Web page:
Apple has been bested yet again! It’s a wonder they even bother to try anymore.
Writing for Mashable, Stan Schroeder tells us that “A bunch of cool new phones are coming out of China soon.” (Tip o’ the antlers to Nick.)
That’s kind of dull compared to the page title: “Sorry, Apple and Samsung. Smartphone innovation is happening in China.” One gets the feeling he is sorry… yet also not sorry. It’s Schrödinger’s Apology.
Well, then, let’s see the innovation. Presumably it’s not the innovation U.S. intelligence agencies are concerned about coming from these phones that is stealing users’ information for the benefit of the Chinese government, which some of these firms are beholden to. Presumably because that doesn’t seem like the kind of innovation people want and, also, because there’s no mention of that concern anywhere in this article.
All six companies — Oppo, Vivo, OnePlus, Huawei, Lenovo, and Xiaomi — are based in China, and if you’re looking for a new phone, you should check them out before you dish premium money for a Samsung or Apple device.
There’s literally no downside to these phones! Discussed in this article! At all!
If you want a cheap phone with top-notch specs, Xiaomi, Oppo and OnePlus have got you covered. If you want a phone with an under-the-display fingerprint scanner, Vivo already has one on the market.
Who buys a phone like this? “I want a phone with an under-the-display fingerprint scanner and that’s all I care about!” No one buys a phone like that. And no one is in luck because someone wrote a whole article aimed specifically at their buying pattern.
But follow that link about Vivo’s innovative phone to get a sense of what we Apple dorks are missing out on.
When it works, the Vivo X21’s fingerprint sensor is slower than the typical fingerprint scanners you’ll see on other phones. …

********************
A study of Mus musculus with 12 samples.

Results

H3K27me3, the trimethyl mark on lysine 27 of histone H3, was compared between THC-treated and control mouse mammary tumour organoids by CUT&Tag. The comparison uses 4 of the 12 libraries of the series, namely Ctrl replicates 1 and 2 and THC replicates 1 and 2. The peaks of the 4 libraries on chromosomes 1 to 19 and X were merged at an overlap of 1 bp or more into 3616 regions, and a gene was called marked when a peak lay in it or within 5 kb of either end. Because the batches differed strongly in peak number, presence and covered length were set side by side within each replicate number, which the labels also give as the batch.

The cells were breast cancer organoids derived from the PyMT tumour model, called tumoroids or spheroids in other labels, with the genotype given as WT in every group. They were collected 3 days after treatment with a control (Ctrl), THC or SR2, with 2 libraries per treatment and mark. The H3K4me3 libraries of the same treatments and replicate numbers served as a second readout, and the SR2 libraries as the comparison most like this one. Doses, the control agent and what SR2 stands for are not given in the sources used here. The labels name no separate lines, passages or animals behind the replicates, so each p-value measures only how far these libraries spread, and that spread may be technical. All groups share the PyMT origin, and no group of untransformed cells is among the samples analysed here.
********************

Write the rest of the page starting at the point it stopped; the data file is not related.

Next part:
Also, the fact that you have to actually push your digit into the display makes the experience worse.
Ugh. The Macalope can’t believe he isn’t awkwardly and slowly unlocking his phone right now.
Again, Schroeder doesn’t bring this up. Because this is an ad for Chinese phones. For some reason.
You can’t shake a stick around these Chinese phones without hitting some innovation. Sometimes you have to use an imaginary stick, though, since some of this innovation isn’t available yet.
Though we’ve yet to see it on a phone you can actually buy, Oppo has had the best lossless zoom on a smartphone camera since Feb. 2017.
“I can imagine these phones will one day have lots of features! And isn’t that better than features I can’t imagine iPhones having?”
If you want to see what a “notchless” phone of tomorrow might look like, check out Vivo’s Apex concept or Lenovo’s upcoming Z5.
Future phones from Apple competitors beat currently shipping phones from Apple every time! It’s uncanny! Why does Apple even bother to make phones?!
And if you want to literally see through the back of your phone, Xiaomi has done it (though whether you’re really seeing the phone’s innards is up to debate).
The title of the piece linked to there is, and The Macalope is required by law to inform you that he is not making this up, “Xiaomi’s new Mi 8 Android phone shamelessly copies the iPhone X”.
Things get even more impressive when you look at what’s coming in the near future.
More impressive than a shameless copy of the iPhone X that may or may not let you see the inside of the phone?! No way!
On June 12, Vivo will launch a device with a “What is NEX” tagline. We don’t know much about it…
We have reached the point where the mere concept of a competing phone is more innovative than anything Apple has to offer. Peak fan fiction.
Yes, companies like Xiaomi and Vivo keep on launching phones that feel like they’re from the future, but at the same time they shamelessly copy the iPhone X’s design elements. Can these phones truly be called innovative?
I, for one, have stopped caring about semantics.
“What is “innovation” anyway? Who can say one phone is more innovative than another? It’s a pointless exercise. I wash my hands of it. Anyway, let’s get back to these innovative Chinese phones…”
Samsung and Apple are both too big — or think they’re too big — to take big risks.
Like removing once standard components such as the headphone jack and home button, or making privacy such a tentpole feature that you’re willing to defy the FBI over unlocking a terrorist’s phone. Certainly nobody ever said anything about those choices being monumental mistakes.
Sure, take a look at these phones. For a lot of people, they might be great and some of their features are interesting if not always implemented well. But take an actual look at them, one that includes the drawbacks.